Harris and Pence Spar Over Economy and Race in VP Debate
Vice President Mike Pence effectively evaded question after question and claimed that there’s no systemic racism in America during the first and only 2020 debate between him and Sen. Kamala Harris.
Separated by plexiglass and distanced by more than 12 feet, the two contestants battled over topics ranging from the coronavirus, health care, and climate change.
“Let’s talk about respecting the American people. You respect the American people when you tell them the truth,” Harris told Pence, who responded that he and President Donald Trump had always put the health of Americans first.
Stricken ill by the virus, Trump admitted to Journalist Bob Woodward that he hid the pandemic’s seriousness from the American people.
“The President said it was a hoax,” Harris remarked.
With regularity, Pence went over time and moderator Susan Page of USA Today, repeatedly admonished him, often to no avail.
While the Oct. 7 contest didn’t present as the disaster that was the first presidential debate late last month, it still lacked much substance because both candidates failed to answer some direct questions.
When the topic turned to race and the police killings of Breonna Taylor and George Floyd, Harris reminded the audience of Trump’s refusal to condemn white supremacists.
At the same time, Pence attacked protestors as “rioters and looters.”
“Then he said, when pressed, ‘stand back, stand by,’ and this is a part of a pattern of Donald Trump’s,” Harris declared about the president’s awkward statement during his debate with Democrat Joe Biden.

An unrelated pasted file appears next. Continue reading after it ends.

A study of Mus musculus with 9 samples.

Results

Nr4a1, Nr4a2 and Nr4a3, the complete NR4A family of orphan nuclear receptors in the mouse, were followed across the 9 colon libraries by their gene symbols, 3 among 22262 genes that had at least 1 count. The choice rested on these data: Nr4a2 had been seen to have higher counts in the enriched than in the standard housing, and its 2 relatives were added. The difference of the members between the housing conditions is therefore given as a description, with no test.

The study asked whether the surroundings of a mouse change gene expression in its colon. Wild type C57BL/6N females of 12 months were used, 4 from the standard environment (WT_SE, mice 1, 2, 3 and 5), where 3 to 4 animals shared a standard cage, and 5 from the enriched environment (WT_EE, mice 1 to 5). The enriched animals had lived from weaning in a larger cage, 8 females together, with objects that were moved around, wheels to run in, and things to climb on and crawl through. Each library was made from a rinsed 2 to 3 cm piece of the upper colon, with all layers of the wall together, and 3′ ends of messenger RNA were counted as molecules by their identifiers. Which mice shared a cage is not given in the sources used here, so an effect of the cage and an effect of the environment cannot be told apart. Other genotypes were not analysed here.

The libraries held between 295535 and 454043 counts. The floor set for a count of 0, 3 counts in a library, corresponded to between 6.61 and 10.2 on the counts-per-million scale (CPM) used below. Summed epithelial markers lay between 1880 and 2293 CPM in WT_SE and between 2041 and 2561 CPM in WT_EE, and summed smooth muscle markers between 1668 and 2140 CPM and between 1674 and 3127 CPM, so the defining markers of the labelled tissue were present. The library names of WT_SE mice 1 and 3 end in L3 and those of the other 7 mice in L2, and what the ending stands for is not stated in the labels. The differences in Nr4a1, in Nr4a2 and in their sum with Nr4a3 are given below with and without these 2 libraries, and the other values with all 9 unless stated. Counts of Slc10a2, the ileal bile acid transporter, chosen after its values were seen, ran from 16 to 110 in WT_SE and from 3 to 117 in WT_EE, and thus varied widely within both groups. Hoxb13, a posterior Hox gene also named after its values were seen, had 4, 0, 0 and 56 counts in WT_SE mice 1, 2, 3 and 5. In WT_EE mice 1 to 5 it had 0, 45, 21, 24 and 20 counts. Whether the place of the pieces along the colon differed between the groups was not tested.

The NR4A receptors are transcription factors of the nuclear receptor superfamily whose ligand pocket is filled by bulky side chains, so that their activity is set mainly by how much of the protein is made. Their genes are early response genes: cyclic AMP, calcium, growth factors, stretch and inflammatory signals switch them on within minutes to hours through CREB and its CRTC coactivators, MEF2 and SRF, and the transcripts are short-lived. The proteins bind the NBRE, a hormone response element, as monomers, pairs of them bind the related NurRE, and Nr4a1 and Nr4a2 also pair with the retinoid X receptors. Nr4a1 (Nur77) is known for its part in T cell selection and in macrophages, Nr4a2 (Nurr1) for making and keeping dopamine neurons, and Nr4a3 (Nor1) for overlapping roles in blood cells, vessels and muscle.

“He called Mexicans rapists and criminals. He instituted as his first act a Muslim ban,” Harris said.
Pence responded by noting that Trump’s grandchildren are Jewish.
He said Breonna Taylor’s family has his sympathy and predicted the loved ones of George Floyd would receive justice.
“Our heart breaks for the loss of any innocent American life,” Pence said. “And the family of Breonna Taylor has our sympathies. But I trust our justice system.”
Despite a troubling September jobs report and Trump shutting off COVID-19 relief talks that could help ailing businesses, municipalities, and citizens, Pence claimed the Trump administration had added millions of jobs, and the economy is on the upswing.
“When President Trump and I took office, America had gone through the slowest economic recovery since the great depression. We’re going through a pandemic that lost 22 million jobs at the height, we’ve already added back 11.6 million jobs,” Pence claimed.
Attempting to become the first African American and woman vice president, Harris told viewers that she and Biden expect to win the election.
Asked about Trump’s repeated refusal to agree to a peaceful transfer of power, Harris indicated that she and Biden are prepared for such a scenario.
“Joe and I are particularly proud of the coalition that we have built around our campaign. We probably have one of the broadest coalitions of folks that you’ve ever seen in a presidential race,” Harris stated.
“It is within our power, and if we use our society, and we use our voice, we will win.” She then added, “And we will not let anyone subvert our democracy.”